Before I came on board here at The Shattered Lens, I joined in on Live Tweeting, where you watch a movie with a group of people, while tweeting about it at the same time. Imagine being one of those audience members in Mystery Science Theatre 3000, and you’ve a rough idea of how fun it can get. Our own Lisa Marie Bowman does this every Saturday with her group, the Snarkalecs, as they cover the SyFy Movie of that week.
On Saturday Nights around 11pm Eastern(or just about every Saturday), Kevin Carr (over at Fat Guys at the Movies) hosts his Late Night Live Tweet, which I’ve participated in from time to time over the last 3 years. Tonight, they’re talking on 1981’s Dragonslayer on Netflix Instant.
Dragonslayer is one of those films that flopped at the box office, but remains iconic for its representation of dragons and for having been Industrial Light and Magic’s first Visual Effects production outside of any of the Lucasfilm movies (Raiders of the Lost Ark and the first two Star Wars films). Even though ILM was popular for what it did for those films, they were considered somewhat exclusive (or rather it’s my belief that they were). Dragonslayer became ILM’s test of whether they were a go to effects studio for the rest of Hollywood. It didn’t quite work out for the film, but at least ILM did well. At one point, the amount of lens flares in this movie would make J.J. Abrams proud.
Walt Disney Pictures, wanting to get into something a little more adult, came up with Dragonslayer just before Tron, but because of then graphic nature of the film (at least by their standards) supposedly had Paramount Pictures handle the distribution of the film and keep their hands clean. The movie contains blood, immolation and a hint of nudity, which seemed unbecoming of the Disney label. Over the years, Disney would come up with Touchstone Pictures, Buena Vista Pictures, and Hollywood Pictures for their more adult fare. I think Disney even had Miramax at one point.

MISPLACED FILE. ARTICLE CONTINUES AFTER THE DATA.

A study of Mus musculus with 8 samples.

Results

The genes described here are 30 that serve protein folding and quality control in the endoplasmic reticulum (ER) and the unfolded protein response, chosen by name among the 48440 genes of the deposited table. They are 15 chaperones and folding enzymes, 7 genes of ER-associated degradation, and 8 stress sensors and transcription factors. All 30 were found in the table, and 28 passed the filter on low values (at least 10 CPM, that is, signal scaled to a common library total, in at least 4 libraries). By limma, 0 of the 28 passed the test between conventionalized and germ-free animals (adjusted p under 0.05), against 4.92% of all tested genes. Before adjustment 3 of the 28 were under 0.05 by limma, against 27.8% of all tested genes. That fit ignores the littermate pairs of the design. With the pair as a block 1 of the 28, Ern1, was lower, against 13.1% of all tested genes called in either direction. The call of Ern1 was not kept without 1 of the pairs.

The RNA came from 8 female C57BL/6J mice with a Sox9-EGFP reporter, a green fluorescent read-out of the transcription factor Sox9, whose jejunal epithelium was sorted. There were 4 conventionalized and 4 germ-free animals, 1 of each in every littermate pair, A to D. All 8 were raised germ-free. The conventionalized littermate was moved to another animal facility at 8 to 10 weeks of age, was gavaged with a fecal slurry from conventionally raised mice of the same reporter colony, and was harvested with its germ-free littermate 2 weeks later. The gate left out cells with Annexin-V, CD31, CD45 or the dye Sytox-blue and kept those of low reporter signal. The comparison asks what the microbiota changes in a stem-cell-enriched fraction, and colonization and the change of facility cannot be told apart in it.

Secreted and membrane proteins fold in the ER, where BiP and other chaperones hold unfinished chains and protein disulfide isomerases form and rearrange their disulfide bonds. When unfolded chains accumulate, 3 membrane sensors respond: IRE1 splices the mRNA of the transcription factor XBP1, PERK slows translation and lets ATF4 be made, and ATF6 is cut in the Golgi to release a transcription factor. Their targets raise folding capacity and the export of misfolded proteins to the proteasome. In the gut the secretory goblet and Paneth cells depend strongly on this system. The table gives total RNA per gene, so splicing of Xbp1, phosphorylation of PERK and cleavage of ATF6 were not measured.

The story behind Dragonslayer is pretty straight forward. In a faraway land in the Dark Ages, a group a people seek out an old wizard named Ulrich (Sir Ralph Richardson – Watership Down and one of my favorites, Time Bandits) to have him slay the dragon known as Vermithrax Pejorative. Why would anyone want to kill a dragon? Well this particular dragon spends it’s time burning nearby villages and to keep it from doing so, the land has a lottery where the winner – a young maiden – is offered as a sacrifice. On looking at the evidence provided – some scales and a claw (to which Urlich exclaims “That’s not a claw, by the gods….that’s a tooth!”), the wizard refuses and asks the team to look for another Dragonslayer. They inform him that he is indeed the last of his kind. His apprentice, Galen Bradwarden (Ally McBeal’s Peter MacNicol) feels that maybe they could do the job, but before Ulrich can get on his way, he is challenged by the head of the King’s Guard, which leads to the wizard’s demise.
Galen, on cleaning up the wizard’s castle, stumbles upon a glowing amulet that enhances his magic ability. then takes it upon himself to get rid of the Dragon after discovering one of Ulrich’s glowing amulets and the ability to perform magic. As a kid, I thought that amulet was the coolest thing. There are of course some complications, mainly the fact that the Monarchy believes having the sacrifices and the Dragon are a good thing, but like all Disney movies, it all works out.
From an acting standpoint, Dragonslayer is okay. None of the performances are really award winning, and actor Peter MacNicol has gone on to say that he was embarrassed to have done the film, and doesn’t even mention it when referencing anything he’s done. Actor Ian MacDiarmid, who played Emperor Palpatine in the Star Wars films, plays a priest in Dragonslayer, which was nice to see.
ILM’s biggest contribution to Dragonslayer was the use of a then new effect called “Go-Motion”. The idea was that most effects at the time were stop motion, similar to what you’d see in a Harryhausen film like Clash of the Titans, As a result, it was often very easy to tell when stop motion was being used due to the jerky but accepted movements of characters. Go Motion used puppets on computers to track their movements, inducing a motion blur and give the appearance that puppets were moving more naturally. I guess it was a lot like rotoscoping for the Lightsaber effects. ILM tried this out with some success in The Empire Strikes Back, and a combination of either Stop Motion or Go Motion was used in many films right up until CGI came along. The look of the Dragon itself was very aggressive and its look can be seen in similar films like Reign of Fire. Most of the effects haven’t held up very well at all under HD, and you can clearly see some of the areas where effects start and end.
It should be noted that Stop Motion is still in use today and is very popular with animated fares like The Nightmare Before Christmas, Coraline, and the Academy Award Nominated Film, Frankenweenie.